During the 2016 growing season, insecticide failure was confirmed in a field in northwest Iowa. Pyrethroid insecticides are a commonly applied insecticide group, but the pyrethroid insecticide did not have any knockdown in this commercial soybean production field, says Iowa State University Extension entomologist Erin Hodgson.
Soybean aphid remains the most important soybean insect pest in Iowa, and management over the last 15 years has primarily relied on using foliar insecticides.
The economic injury level was defined in 2007, and is approximately 675 aphids per plant, or 5,560 cumulative aphid days, says Hodgson. From that multistate research, a conservative economic threshold was developed to protect yield: 250 aphids per plant with 80% of the plants infested through the “seed set” growth stage (R5.5) of the soybean plant.
The odds of making a profitable treatment decision are increased with regular scouting and insecticide applications made after exceeding the economic threshold. The economic threshold is validated annually at ISU and is recommended regardless of fluctuating soybean market values.
Insecticide resistance issue
With any pest and pesticide interaction, exposures will eventually lead to resistance developing in the population, Hodgson explains. Insecticide resistance is common with aphids, which are asexual, multigenerational pests in many crops. Since 2015, farmers in parts of southern Minnesota experienced failures of pyrethroid insecticides to control soybean aphid. Using a vial assay, entomologists in Minnesota confirmed soybean aphid resistance to bifenthrin and lambda-cyhalothrin. Pyrethroid failures in southern Minnesota were also noted in the 2016 growing season.
In 2016, a commercial field in northwest Iowa was suspected to have bifenthrin resistance after being treated twice within two weeks and no response. Vial assays based on the Minnesota protocol also noted increased resistance ratios of a soybean aphid population collected from the problem field. A combination of integrated pest management (IPM) and insect resistance management (IRM) tactics will be needed to manage soybean aphid and prolong existing and emerging insecticide efficacy.
Recent regulatory concerns regarding the availability of certain insecticides may further complicate field crop pest management, especially soybean aphid.
IPM and IRM management recommendations
“Population fluctuations between locations and years are typical soybean aphid dynamics for Iowa,” says Hodgson. “Regular scouting and timely use of foliar insecticides is still a reliable management tactic. However, recent changes in insecticide efficacy will make future management more complicated.”
Following are Hodgson’s recommendations for sustainable soybean aphid management in Iowa:
• Consider using host-plant aphid-resistant soybean varieties if soybean aphid populations are persistent and the genetic traits of the soybean variety are appropriate for the area of the state where you are planting. The use of a single resistant gene will result in lower cumulative aphid exposure, and the use of a resistant pyramid (i.e., two or more genes) will greatly reduce the likelihood of needing foliar insecticides.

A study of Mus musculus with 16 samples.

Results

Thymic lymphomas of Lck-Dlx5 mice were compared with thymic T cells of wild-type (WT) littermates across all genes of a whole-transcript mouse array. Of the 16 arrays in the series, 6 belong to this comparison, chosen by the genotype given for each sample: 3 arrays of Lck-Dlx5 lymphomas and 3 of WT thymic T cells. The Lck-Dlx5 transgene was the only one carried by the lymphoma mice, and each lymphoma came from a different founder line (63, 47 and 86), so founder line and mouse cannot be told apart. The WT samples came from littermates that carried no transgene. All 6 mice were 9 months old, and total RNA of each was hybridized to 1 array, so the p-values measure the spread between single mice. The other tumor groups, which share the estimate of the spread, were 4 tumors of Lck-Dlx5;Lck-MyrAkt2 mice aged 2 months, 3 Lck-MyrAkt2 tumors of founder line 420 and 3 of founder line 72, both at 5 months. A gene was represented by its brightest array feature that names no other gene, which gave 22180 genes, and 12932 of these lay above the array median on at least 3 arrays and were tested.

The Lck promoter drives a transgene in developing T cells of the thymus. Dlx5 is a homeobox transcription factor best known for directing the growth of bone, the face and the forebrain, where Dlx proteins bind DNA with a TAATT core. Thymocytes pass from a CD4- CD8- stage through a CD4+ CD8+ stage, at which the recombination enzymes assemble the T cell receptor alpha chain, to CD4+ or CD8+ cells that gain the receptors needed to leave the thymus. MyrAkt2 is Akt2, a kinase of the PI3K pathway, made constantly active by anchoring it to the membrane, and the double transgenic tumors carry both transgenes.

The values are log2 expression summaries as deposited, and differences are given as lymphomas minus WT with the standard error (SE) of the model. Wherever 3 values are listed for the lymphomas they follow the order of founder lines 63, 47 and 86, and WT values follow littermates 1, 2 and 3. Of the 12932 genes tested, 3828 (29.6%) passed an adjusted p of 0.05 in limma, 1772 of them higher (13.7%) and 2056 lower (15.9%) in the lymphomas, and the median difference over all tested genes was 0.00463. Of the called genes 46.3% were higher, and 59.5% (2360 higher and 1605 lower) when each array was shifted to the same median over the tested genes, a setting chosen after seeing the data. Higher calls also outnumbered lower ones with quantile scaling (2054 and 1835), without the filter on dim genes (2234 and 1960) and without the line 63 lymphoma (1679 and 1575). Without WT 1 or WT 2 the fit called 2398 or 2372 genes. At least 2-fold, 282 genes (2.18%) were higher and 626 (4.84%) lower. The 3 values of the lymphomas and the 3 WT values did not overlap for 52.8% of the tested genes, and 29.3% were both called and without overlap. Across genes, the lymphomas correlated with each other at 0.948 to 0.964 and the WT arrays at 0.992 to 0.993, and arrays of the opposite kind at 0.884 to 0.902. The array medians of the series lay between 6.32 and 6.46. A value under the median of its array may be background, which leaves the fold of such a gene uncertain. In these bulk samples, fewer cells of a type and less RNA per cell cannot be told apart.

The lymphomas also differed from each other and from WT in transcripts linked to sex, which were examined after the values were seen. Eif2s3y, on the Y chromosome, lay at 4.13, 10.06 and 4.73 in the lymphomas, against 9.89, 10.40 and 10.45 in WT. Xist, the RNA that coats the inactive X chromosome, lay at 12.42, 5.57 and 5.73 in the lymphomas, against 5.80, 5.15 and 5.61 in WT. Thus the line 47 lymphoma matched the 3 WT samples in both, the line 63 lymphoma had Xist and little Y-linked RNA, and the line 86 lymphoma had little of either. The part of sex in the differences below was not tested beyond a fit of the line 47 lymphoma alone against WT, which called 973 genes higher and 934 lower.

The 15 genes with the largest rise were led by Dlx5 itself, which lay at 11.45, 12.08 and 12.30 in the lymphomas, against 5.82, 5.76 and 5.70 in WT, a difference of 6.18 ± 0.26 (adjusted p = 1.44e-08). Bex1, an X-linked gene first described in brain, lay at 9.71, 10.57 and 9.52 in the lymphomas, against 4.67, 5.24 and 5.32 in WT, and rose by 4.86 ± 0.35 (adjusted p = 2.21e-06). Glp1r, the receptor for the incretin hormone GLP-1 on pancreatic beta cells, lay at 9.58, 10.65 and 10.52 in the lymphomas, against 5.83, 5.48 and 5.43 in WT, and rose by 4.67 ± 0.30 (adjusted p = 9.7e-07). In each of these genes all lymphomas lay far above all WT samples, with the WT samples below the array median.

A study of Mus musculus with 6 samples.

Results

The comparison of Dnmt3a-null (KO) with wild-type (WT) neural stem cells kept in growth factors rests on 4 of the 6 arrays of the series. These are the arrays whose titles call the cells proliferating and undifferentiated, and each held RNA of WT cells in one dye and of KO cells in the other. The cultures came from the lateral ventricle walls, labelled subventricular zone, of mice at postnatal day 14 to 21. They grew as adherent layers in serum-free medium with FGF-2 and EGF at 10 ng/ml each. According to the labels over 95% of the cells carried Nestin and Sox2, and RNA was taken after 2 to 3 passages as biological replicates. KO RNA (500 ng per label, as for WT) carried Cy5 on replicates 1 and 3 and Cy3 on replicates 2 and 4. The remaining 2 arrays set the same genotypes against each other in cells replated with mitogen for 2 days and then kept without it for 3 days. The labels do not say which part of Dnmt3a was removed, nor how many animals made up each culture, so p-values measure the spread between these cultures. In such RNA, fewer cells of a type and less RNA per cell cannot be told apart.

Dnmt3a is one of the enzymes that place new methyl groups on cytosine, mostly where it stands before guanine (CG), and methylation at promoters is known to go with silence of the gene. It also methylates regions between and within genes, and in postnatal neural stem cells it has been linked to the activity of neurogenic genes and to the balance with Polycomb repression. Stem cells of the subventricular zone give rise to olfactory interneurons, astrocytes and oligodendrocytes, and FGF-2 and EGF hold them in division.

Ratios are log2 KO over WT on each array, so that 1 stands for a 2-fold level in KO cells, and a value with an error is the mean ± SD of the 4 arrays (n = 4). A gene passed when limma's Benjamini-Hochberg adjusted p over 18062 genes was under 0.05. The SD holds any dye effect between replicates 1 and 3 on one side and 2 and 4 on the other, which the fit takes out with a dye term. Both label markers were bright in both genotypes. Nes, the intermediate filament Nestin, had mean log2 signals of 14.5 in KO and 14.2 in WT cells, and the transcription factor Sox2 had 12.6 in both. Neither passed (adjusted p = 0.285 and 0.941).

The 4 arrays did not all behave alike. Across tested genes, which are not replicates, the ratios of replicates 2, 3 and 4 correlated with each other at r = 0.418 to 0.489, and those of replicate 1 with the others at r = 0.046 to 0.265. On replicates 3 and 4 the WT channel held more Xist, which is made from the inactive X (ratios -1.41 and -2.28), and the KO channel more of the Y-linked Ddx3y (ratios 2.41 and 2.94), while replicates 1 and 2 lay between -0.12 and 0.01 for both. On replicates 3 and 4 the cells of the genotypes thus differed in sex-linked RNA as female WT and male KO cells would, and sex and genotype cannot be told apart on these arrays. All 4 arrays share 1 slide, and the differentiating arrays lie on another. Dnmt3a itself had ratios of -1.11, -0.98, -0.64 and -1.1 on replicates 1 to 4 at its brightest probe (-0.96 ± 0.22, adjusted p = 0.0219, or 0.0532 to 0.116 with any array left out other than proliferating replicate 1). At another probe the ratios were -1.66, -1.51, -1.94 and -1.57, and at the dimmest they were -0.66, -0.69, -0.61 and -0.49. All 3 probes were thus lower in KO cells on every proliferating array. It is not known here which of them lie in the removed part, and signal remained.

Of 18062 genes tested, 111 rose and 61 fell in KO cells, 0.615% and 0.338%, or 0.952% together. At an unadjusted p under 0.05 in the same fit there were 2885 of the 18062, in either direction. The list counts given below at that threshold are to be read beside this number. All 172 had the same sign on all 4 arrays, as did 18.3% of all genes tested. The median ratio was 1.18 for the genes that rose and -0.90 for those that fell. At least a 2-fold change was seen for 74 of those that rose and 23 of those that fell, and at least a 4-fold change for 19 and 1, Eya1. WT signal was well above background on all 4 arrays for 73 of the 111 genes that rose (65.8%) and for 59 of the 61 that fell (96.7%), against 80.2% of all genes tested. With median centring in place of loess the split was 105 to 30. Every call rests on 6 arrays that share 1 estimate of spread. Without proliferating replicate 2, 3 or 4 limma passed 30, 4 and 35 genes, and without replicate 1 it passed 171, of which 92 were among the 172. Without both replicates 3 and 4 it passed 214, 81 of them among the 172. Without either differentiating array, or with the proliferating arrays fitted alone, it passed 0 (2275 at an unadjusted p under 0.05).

• Plant the soybeans early if the field is in an area with persistent soybean aphid populations.
• Scout for soybean aphids, especially during R1 to R5 soybean plant growth stages, and use a foliar insecticide if aphids exceed the economic threshold of 250 per plant. Take note of natural enemies and other potential plant pests in addition to soybean aphid.
• Use an insecticide product labeled for soybean aphid, and use high volume and sprayer pressure so that droplets make contact with aphids on the undersides of leaves. Check aphid populations three days after application to assess product efficacy.
• Alternate the mode of action if soybean aphid populations need to be treated twice in a single growing season (e.g., using organophosphates and pyrethroids).
• Understand that late-season accumulation of aphids, particularly after R5, may not impact yield like it does in early reproductive growth. A foliar insecticide applied after seed set on soybean plants may not be an economically profitable choice.
Don’t assume you have resistance
Before you assume insecticide resistance has developed in the field, Hodgson says you should rule out other possible factors, such as misapplication of the insecticide product (incorrect rate, poor coverage, etc.); unfavorable weather conditions around the time of application (wind, rain, temperature); and pest recolonization.
What is pest recolonization? The overwintering and migratory behavior of soybean aphid is not fully understood, she notes. The magnitude of pyrethroid resistance for soybean aphid in the north-central region of the U.S. is also not well characterized yet. In other words, the aphids that colonize soybean plants can come from different overwintering sites each year. They can fly in from other areas, and the populations will have a range of susceptibly to insecticides.
Learn more about soybean pest management on the Soybean Podcast with Hodgson and Matt O’Neal, an ISU professor of entomology online. Also, the “2016 Yellow Book for Soybean Aphid,” CROP 3109, is available as a free download through the ISU Extension store.